NAIROBI, Kenya Aug 13 – Seven of the 28 Ugandan soldiers who were aboard three helicopters that went missing in Mount Kenya forest have been rescued.
Military Spokesman Bogita Ongeri said the soldiers in one of the located helicopters were receiving treatment at a military base in Nanyuki.
“Seven of them have been rescued and are being treated,” he said.
He would not comment on the extent of injuries they sustained or if they were the only ones in their helicopter.
Ongeri added that the search and rescue mission for two other military helicopters was underway in the expansive forest where they went down late on Sunday while en-route to Somalia to join AMISOM forces in the war against Al Shabaab.
Kenya and Ugandan authorities confirmed that a fourth helicopter landed safely in Garissa on Sunday.
However, Kampala’s New Vision newspaper quoted Ugandan Army Spokesperson Felix Kulaigye on Monday afternoon saying all the three helicopters had been located in Mount Kenya.
Kulaigye said there were no fatalities, explaining that the choppers did not crash as earlier reported but made what he described as a ‘hard landing’, according to the New Vision.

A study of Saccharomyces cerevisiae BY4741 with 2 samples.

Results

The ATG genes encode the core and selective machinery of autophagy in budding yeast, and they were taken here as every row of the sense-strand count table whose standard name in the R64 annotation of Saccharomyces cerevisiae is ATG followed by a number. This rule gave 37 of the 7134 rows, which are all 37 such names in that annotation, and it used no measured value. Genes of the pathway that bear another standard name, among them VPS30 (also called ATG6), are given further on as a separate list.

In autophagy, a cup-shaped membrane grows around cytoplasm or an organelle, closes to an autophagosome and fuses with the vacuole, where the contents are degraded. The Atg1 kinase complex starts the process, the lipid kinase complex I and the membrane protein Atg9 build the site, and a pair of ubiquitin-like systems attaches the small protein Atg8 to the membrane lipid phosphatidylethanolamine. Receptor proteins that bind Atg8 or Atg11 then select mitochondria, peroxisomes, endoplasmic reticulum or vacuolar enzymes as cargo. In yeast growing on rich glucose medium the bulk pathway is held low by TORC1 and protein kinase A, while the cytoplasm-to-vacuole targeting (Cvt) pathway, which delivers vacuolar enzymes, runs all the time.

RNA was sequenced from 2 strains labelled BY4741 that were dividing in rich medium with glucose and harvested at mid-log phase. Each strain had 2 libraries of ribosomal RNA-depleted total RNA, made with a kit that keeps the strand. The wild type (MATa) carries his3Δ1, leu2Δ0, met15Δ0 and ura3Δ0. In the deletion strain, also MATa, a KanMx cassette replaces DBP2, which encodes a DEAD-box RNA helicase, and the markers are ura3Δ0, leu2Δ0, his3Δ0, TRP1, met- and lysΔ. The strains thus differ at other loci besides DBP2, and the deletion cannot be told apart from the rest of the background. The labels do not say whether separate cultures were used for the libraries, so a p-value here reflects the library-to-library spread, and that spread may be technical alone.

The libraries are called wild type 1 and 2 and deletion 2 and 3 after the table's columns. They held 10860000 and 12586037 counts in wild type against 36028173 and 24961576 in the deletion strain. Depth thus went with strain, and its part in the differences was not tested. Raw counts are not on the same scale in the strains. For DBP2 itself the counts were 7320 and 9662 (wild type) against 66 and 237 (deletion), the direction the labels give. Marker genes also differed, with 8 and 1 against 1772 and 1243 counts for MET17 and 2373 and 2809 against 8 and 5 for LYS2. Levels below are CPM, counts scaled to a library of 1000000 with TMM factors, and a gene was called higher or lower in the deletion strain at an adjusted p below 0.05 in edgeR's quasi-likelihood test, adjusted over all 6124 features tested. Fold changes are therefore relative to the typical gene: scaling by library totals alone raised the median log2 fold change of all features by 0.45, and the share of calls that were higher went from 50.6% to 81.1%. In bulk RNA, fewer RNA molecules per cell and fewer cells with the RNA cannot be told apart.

The army spokesman was quoted saying one of the pilots had sent a message from Mt Kenya Forest seeking for help. Kenya Defence Forces said the pilot told them the troops on the ground and in the ill-fated chopper needed urgent help.
Kenya’s military spokesman Ongeri told Capital FM News that the search and rescue efforts were hampered by bad weather and dense forest cover.
According to Ugandan authorities, the four helicopters left a base in Soroti in Eastern Uganda Sunday for Eldoret with 28 air force officers on board but disappeared in Kenyan air space.
Kulaigye was quoted in the News Vision saying “The choppers left Soroti on Sunday for Eldoret. They landed successfully. They then left Eldoret for Nanyuki where they were scheduled to refuel before flying to Garissa. The choppers arrived in Nanyuki at 4pm. After that they headed for Garissa and were expected to land at 6pm.”
He told the newspaper that it was only the Mi-17 helicopter that landed successfully in Garissa but is reported to have lost contact with the rest of the helicopters.
“The pilot of the third helicopter had radioed for help from the Mount Kenya region, but rain and poor weather conditions are hampering rescue efforts,” the paper said.